Space junk, otherwise known as space debris is a real threat that shouldn’t be ignored as it has really serious consequences on our ability to use space in the future. In this article, we take a small step and take a small glimpse at the issue at hand, how it affects spacecraft, and how it can be solved.
What is Space Junk?
Space Junk, otherwise known as space debris, is said to encompass both small natural and artificial particles floating in space. Sometimes referred to as Micrometeroid and Orbital Debris, these objects represent a risk to spacecraft. Orbital debris refers to any man-made object orbiting the Earth which no longer serves a useful function.
There are estimated to be over 128 million pieces of debris smaller than 1 cm as of January 2019. There are approximately 900,000 pieces from one to ten cm. The current count of large debris, which is defined as 10 cm across or larger, is 34,000. The technical measurement cutoff is c. 3 mm (0.12 in).
How is Space Junk created?
- A source of debris that has been tracked for a while is the remains of anti-satellite weapons by the US and USSR, which has done in the 1960s and 1970s.
- Lost equipment is another area of concern as not all satellites remain in contact with their owners.
- Dead Spacecraft
Why is it important?
Space junk is a threat to active satellites and spaceships. It is very much possible that the Earth’s orbit may even become impassable as the risk of collision grows too high. This risk of collision has to be factored into missions such as manned and unmanned crafts.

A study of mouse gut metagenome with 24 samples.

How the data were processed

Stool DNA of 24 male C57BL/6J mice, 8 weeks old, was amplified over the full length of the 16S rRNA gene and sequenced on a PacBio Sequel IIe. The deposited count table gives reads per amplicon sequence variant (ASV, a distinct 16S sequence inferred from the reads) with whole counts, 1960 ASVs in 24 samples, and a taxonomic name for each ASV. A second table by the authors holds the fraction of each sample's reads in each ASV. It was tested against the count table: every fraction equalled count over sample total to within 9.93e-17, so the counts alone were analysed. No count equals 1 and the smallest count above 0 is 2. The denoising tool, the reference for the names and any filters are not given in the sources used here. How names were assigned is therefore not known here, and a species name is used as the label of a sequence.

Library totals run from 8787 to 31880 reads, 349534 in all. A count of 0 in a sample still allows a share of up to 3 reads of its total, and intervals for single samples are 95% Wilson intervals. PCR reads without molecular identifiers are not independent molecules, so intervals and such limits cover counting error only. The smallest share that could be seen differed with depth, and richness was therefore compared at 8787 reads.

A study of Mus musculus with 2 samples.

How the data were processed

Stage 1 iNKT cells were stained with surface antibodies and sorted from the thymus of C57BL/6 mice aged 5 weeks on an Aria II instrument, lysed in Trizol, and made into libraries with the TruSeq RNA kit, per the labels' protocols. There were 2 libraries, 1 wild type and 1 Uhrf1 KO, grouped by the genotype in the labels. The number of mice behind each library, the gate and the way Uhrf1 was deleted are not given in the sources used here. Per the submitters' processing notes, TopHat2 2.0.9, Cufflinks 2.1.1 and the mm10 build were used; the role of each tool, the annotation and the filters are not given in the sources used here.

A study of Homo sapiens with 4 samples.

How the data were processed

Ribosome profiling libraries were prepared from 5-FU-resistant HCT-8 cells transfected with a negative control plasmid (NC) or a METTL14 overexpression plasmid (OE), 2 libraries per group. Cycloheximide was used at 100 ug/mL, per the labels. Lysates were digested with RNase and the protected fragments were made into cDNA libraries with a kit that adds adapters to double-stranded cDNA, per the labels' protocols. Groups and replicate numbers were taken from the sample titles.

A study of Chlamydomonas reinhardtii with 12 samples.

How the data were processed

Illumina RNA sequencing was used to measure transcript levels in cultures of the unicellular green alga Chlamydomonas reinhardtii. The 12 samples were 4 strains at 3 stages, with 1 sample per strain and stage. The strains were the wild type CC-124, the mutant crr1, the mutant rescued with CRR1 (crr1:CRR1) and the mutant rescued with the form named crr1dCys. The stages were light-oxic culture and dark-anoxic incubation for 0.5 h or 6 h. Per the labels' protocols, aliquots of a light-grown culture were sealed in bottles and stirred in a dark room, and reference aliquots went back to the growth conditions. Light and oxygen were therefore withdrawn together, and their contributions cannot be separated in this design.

The potential for issues has been named the Kessler syndrome, which is when a runaway chain reaction of collisions exponentially increases the amount of debris. Although not yet seen and has been hypothesized to ensue beyond a critical density, if it occurs it could affect useful polar-orbiting bands, increases the cost of protection for spacecraft missions and could destroy live satellites. Whether Kessler syndrome is already underway has been debated. The measurement, mitigation, and potential removal of debris are conducted by some participants in the space industry.
Potential Solutions To Issues Caused By Space Junk?
There are several options that have been floated around to resolve the issue.
- Growth mitigation
- External removal
- International regulation
However, as seen with humanity and ocean trash, the best option might be to externally remove the space junk through paying companies to extract it.